Some schools would be able to select pupils by race in order to improve community relations under plans being considered by the Conservative Party.
Conservatives say selecting pupils by race could tackle social division
Shadow education secretary David Willetts said city academies could use racial selection to unite communities divided by race or religion.
Government figures in the Observer show some schools in England have a pupil majority from one ethnic group.
Ministers say there are plans to tackle this through fostering community links.
Mr Willetts said his party had drawn up its proposals because there were parts of England where towns were "divided by race and religion into two very distinct groups".
"In those communities which are deeply divided we could use the creation of new academies to improve links between the communities by setting the aim of recruiting students from both those communities," he said.
Although the Conservatives did not want to "bus children around", the party did see the "potential for a positive role in tackling the growing ethnic segregation in our schools", he added.
The Tory plans came as the Sunday paper revealed Department for Education and Skills figures showing some schools in England were becoming overwhelmingly white, Asian or black.
The paper said Blackburn with Darwen council in Lancashire was one of the most divided areas, with four out of nine secondary schools attracting more than 90% of pupils from one ethnic group.
The BBC's Panorama programme has previously reported on how increased separation and segregation between Muslim Asians and white people has been dividing communities in Blackburn.
Former schools minister Stephen Byers told the Observer the figures showed parts of the country were "sleepwalking towards the segregation of schools on racial grounds".
"With no public debate, we are enshrining division and discrimination at an early age," he said.
But Education Secretary Alan Johnson told the paper the problem was being dealt with through "a new duty to promote community cohesion" which comes into force in England in September.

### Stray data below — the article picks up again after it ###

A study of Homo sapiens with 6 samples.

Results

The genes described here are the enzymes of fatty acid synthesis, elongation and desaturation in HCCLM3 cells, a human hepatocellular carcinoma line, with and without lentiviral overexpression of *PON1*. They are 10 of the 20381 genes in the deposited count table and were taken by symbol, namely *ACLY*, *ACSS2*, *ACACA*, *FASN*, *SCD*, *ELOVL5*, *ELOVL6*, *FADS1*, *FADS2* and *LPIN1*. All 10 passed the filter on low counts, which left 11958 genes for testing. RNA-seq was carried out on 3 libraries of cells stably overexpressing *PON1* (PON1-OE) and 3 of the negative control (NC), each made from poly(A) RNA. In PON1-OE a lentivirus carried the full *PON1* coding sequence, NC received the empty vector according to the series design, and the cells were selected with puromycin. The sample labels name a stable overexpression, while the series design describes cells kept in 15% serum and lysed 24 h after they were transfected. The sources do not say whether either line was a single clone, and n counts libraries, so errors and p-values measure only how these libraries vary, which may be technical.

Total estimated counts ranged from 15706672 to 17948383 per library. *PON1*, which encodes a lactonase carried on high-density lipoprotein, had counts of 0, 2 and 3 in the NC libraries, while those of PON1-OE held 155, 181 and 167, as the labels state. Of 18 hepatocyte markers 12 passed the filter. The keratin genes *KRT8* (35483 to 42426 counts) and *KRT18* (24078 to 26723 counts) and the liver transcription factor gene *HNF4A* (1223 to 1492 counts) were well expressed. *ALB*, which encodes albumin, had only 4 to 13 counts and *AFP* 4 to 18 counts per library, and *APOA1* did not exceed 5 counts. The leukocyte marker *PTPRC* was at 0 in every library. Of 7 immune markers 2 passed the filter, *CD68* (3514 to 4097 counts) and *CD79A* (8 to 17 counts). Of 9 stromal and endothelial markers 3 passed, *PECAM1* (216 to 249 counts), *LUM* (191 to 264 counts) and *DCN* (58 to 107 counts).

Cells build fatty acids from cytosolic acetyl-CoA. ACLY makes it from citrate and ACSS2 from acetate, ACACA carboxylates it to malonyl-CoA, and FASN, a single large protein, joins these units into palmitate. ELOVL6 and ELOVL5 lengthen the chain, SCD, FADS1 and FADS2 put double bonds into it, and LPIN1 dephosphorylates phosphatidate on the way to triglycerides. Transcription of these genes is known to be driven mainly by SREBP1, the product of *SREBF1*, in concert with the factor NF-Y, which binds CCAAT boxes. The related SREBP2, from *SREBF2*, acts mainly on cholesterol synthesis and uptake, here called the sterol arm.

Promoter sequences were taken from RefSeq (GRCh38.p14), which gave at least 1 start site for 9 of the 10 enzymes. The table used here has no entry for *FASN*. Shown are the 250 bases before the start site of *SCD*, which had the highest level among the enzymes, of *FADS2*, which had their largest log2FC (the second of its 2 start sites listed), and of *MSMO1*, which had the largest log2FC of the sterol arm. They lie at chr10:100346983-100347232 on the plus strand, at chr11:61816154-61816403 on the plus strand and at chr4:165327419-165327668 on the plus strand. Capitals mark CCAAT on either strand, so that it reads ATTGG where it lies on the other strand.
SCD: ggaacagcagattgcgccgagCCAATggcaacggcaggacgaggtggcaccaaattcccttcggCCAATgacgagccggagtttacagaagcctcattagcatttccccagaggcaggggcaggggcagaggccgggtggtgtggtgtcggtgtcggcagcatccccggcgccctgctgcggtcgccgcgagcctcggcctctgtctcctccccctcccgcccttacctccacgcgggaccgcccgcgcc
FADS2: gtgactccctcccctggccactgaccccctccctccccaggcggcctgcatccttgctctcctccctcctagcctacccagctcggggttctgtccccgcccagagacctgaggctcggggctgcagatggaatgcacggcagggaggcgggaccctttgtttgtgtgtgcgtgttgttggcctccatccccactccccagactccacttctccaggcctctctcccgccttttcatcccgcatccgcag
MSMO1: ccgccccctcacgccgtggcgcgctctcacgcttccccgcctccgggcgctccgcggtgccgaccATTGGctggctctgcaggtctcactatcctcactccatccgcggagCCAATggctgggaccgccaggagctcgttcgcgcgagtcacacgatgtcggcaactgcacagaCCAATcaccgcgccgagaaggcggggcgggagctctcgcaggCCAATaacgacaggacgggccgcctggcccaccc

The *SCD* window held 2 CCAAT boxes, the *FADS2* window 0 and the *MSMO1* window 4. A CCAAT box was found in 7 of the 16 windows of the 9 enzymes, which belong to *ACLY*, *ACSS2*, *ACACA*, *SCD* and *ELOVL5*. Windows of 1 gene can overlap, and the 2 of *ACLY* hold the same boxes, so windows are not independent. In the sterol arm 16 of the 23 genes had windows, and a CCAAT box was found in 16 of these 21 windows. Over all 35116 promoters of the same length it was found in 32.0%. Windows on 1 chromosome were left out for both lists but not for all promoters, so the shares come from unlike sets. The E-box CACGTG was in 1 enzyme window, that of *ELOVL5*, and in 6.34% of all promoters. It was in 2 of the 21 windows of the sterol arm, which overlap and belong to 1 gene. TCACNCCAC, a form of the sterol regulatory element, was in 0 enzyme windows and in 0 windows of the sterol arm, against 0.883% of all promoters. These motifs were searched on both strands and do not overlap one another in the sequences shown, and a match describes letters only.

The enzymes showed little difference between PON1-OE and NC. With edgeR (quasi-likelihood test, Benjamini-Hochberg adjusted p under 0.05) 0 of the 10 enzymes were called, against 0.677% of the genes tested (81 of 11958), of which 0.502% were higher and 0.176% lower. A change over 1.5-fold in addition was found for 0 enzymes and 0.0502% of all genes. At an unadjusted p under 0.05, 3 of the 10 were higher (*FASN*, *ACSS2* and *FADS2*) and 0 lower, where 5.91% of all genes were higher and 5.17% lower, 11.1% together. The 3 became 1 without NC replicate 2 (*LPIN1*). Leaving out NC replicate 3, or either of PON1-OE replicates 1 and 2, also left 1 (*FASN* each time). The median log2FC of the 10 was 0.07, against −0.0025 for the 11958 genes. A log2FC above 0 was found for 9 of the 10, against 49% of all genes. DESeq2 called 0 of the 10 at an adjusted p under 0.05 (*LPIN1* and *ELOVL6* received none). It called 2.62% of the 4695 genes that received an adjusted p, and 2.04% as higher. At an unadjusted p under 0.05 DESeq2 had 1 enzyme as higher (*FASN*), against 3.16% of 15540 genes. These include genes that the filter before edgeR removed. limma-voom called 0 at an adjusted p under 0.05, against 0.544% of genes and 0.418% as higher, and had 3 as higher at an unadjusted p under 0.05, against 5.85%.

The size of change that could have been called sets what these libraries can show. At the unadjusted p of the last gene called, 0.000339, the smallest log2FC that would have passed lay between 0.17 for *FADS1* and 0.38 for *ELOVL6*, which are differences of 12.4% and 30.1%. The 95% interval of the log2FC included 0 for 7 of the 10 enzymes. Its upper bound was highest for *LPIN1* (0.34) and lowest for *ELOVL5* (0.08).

"This can involve twinning and sharing teachers so that this kind of problem can be tackled," he said.
Meanwhile Conservative leader David Cameron said in the Mail on Sunday that the row over grammar schools was at an end.
There had been anger within the party at the dropping of the idea that selective schools could help social mobility.
Instead of grammar schools and selection by academic ability, Mr Cameron has promised more city academies - the privately sponsored state schools championed by Prime Minister Tony Blair - and more streaming and setting within schools.
Writing in the paper, he said the row had been "about moving the Conservative Party on from slogans such as 'Bring back grammar schools'" to addressing "the real question about the future of education".
He accused some of his critics of being "at risk of becoming inverse class warriors".
"I may be a white, fortysomething old Etonian, but that doesn't constrain what I do," he said.
"As an individual with three children aged five or under, I worry more about finding good state schools than almost anything else."
The Conservatives would be "a motor of aspiration for the brightest kids from the poorest homes", he added.